Ingredients (10)

  • 1 pound firm tofu, large dice
  • 3 tablespoons vegetable oil
  • 4 teaspoons garam masala
  • 2 teaspoons kosher salt
  • 3 medium garlic cloves, thinly sliced
  • 1 medium yellow onion, thinly sliced
  • 2 medium plum tomatoes, finely chopped
  • 2 teaspoons ground ginger
  • 1 pound baby spinach
  • 1/2 cup plain Greek-style whole-milk yogurt
  • Calories330
  • Fat22.13g
  • Saturated fat2.92g
  • Trans fat0.08g
  • Carbs16.92g
  • Fiber6.53g
  • Sugar3.94g
  • Protein23.12g
  • Cholesterol3.98mg
  • Sodium770.83mg
  • Nutritional Analysis per serving (4 servings) Powered by


Saag, a stew of spinach and spices, is one of the most common offerings at Indian restaurants. We added tofu for a quick, delicious dish.

This recipe was featured as part of both our Make Your Own Tofu story and our Supercharge with Superfoods photo gallery.

Instructions

  1. 1Combine tofu with 1 tablespoon of the vegetable oil, 2 teaspoons of the garam masala, and the salt. Mix gently to coat tofu; set aside.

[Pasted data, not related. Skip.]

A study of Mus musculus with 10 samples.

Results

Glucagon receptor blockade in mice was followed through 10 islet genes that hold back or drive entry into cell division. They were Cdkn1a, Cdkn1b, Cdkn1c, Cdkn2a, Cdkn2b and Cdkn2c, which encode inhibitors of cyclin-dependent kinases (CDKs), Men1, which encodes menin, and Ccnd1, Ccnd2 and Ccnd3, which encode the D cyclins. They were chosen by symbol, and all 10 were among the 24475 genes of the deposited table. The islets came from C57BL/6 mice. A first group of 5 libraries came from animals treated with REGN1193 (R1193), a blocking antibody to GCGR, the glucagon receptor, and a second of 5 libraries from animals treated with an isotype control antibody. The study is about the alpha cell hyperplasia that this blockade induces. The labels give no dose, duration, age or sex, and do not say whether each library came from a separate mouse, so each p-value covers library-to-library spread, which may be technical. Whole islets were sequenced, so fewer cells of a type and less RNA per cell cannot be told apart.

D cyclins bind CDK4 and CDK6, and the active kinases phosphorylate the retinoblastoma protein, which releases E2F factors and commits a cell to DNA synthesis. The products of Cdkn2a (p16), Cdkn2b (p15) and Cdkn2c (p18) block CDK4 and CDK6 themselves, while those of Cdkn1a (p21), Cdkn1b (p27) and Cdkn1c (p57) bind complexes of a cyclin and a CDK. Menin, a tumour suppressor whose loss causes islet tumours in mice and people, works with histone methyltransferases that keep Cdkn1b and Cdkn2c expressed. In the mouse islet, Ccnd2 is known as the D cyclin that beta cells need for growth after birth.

2. 2Heat a large (12-inch) frying pan over medium-high heat and add 1 tablespoon of the oil. When it shimmers, add tofu in a single layer and cook until browned, about 5 minutes. Transfer to a plate.
  3. 3Wipe out the pan, return it to the stovetop over medium heat, and add remaining 1 tablespoon oil. When it shimmers, add garlic and onion and cook, stirring occasionally, until onion is tender and browned, about 3 minutes. Stir in tomatoes and ginger and cook until tomatoes just start to soften, about 2 minutes.
  4. 4Add spinach in handfuls and stir frequently, scraping the bottom of the pan to incorporate any browned bits. Cook until spinach is very wilted and liquid is cooked off, about 7 minutes. Stir in reserved tofu and cook until heated through, about 1 minute. Remove from heat. In a medium bowl, stir together remaining garam masala and yogurt and add to spinach mixture. Stir until well mixed and serve.

Beverage pairing: Ken Forrester Petit Chenin, South Africa. Almost any unoaked, moderate-alcohol, dry white wine could work with this dish, but Chenin Blanc is an especially good selection since it often has some of the earthy notes that you’ll find in spinach. This inexpensive one from South Africa is laden with the little complexities of spice, melon, and citrus.